The world’s population is living longer – good news for people who are relatively healthy and function well, but bad news if they suffer from debilitating diseases, including dementia, that cost huge sums for themselves and their health systems to treat.
Now, a groundbreaking clinical approach has been developed In Israel and the US that combines new diagnostic techniques to detect a leaking blood-brain barrier (BBB) with a new anti-inflammatory drug that for the first time slows or reverses age-related cognitive decline in lab mice.
The BBB is a semi-permeable interface that separates circulating blood from the brain. It also prevents the transfer of unwanted molecules or infectious organisms from the blood to the brain. Increasing evidence shows that breaching the integrity of this barrier causes many brain diseases and neurodegeneration as a result of aging.
In two related studies just published in the journal Science Translational Medicine, researchers from Ben-Gurion University of the Negev (BGU) in Beersheba and the University of California at Berkeley (UC) report that when given the new drug to reduce inflammation, senile mice had fewer signs of dysfunctional brain electrical activity and were better able to learn new tasks. They became almost cognitively skillful as mice half their age.
Other findings indicate two practical pathways — measuring the leakiness of the blood-brain barrier via magnetic resonance imaging (MRI) and abnormal electrical brain activity using an electroencephalogram (EEG). These can be used to screen people for a leaky BBB.
“These findings represent real hope that we can stop, and even reverse, the deterioration that until now we considered an inevitable part of aging,” said senior study author BGU Prof. Alon Friedman and research partner Prof. Daniela Kaufer of UC Berkeley’s department of integrative biology. “It is the first diagnostic, coupled with personalized drug intervention targeting the BBB.”
“We tend to think about the aged brain in the same way we think about neurodegeneration – age involves loss of function and dead cells,” said Kaufer. “But our new data tell a different story about why the aged brain is not functioning well; it is because of this ‘fog’ of inflammatory load. But when you remove that inflammatory fog, within days the aged brain acts like a young brain.”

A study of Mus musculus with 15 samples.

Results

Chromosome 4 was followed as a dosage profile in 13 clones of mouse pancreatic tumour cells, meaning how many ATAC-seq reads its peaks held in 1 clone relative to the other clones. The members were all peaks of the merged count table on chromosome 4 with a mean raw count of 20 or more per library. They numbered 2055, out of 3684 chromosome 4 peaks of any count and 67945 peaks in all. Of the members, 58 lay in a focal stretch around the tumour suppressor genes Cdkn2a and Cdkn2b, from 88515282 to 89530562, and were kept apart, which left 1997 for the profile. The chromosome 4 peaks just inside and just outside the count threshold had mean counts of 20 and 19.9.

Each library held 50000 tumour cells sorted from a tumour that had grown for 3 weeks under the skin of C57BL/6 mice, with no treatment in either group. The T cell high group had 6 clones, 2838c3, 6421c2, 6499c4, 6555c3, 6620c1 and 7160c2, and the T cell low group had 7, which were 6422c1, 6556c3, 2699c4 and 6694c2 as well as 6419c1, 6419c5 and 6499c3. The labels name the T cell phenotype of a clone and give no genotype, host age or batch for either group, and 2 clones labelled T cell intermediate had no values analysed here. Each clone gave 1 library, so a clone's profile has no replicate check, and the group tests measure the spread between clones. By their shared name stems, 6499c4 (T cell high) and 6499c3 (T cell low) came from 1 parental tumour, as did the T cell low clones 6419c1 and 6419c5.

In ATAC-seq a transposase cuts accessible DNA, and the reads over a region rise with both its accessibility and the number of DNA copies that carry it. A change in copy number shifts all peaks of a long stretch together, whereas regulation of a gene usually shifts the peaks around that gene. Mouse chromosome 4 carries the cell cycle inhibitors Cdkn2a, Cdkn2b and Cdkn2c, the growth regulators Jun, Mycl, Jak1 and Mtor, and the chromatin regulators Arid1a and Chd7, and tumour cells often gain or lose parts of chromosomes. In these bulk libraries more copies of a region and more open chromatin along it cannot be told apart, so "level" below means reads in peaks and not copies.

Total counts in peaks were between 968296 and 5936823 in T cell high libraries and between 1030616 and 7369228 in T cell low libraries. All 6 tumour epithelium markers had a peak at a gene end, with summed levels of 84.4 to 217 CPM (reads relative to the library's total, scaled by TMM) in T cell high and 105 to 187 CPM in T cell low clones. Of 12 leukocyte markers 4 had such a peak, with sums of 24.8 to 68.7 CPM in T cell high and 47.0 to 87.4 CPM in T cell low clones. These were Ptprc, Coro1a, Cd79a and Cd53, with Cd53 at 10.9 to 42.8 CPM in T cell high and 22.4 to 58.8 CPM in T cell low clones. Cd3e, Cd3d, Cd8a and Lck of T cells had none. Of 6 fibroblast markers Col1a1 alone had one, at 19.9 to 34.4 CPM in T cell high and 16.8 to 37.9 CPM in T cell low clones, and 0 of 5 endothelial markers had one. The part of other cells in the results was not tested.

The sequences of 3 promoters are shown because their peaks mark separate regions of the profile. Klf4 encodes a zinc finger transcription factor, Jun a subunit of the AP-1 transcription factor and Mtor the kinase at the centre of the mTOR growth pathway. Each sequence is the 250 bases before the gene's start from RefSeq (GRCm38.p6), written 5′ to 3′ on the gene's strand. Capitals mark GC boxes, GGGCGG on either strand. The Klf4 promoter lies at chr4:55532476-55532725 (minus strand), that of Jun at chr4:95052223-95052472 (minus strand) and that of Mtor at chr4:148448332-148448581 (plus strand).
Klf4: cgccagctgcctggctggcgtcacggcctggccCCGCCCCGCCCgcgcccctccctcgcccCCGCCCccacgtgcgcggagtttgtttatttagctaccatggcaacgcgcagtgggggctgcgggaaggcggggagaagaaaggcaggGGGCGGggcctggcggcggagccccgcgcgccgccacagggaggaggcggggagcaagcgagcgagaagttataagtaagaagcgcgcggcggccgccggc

It is an extremely optimistic finding in terms of the capacity for plasticity that exists in the brain and “indicates that we can reverse brain aging,” stated Kaufer.
In analyzing brain tissue from humans, Kaufer found evidence of albumin in aged brains as well as increased neuroinflammation and production of TGF-beta, a protein that controls cell growth. Because albumin is typically produced in the body only outside the BBB, increased albumin within the brain indicates BBB damage leading to inflammation.
The two researchers also showed that introducing albumin into the brain can, within a week, make the brains of young mice look like those of old mice, in terms of neuronal functions and their susceptibility to seizures. These albumin-treated mice also navigated a maze as poorly as aged mice.
“This combination of two biomarkers and a drug gives us the innovative ability to diagnose and treat patients with blood-brain barrier leakiness, and cease treatment once the BBB closes and danger decreases,” said Kaufer, adding: “We got here through this back door starting with questions about plasticity having to do with the blood-brain barrier, traumatic brain injury and how epilepsy develops. But after we’d learned a lot about the mechanisms, we started thinking that maybe in aging it is the same story. This is new biology, a completely new angle on why neurological function deteriorates as the brain ages.” They administered a new anti-inflammatory drug that specifically targets TGF-beta signaling; called IPW, the drug – a small molecule – not only helps to alleviate the effects of a leaky BBB but seems to also heal the barrier.
The researchers have started a company to develop IPW and other substances with the goal of reducing brain inflammation and thus permanent damage, after stroke, concussion or traumatic brain injury. The drug may eventually help older adults suffering from early dementia or Alzheimer’s disease with demonstrated BBB leakage.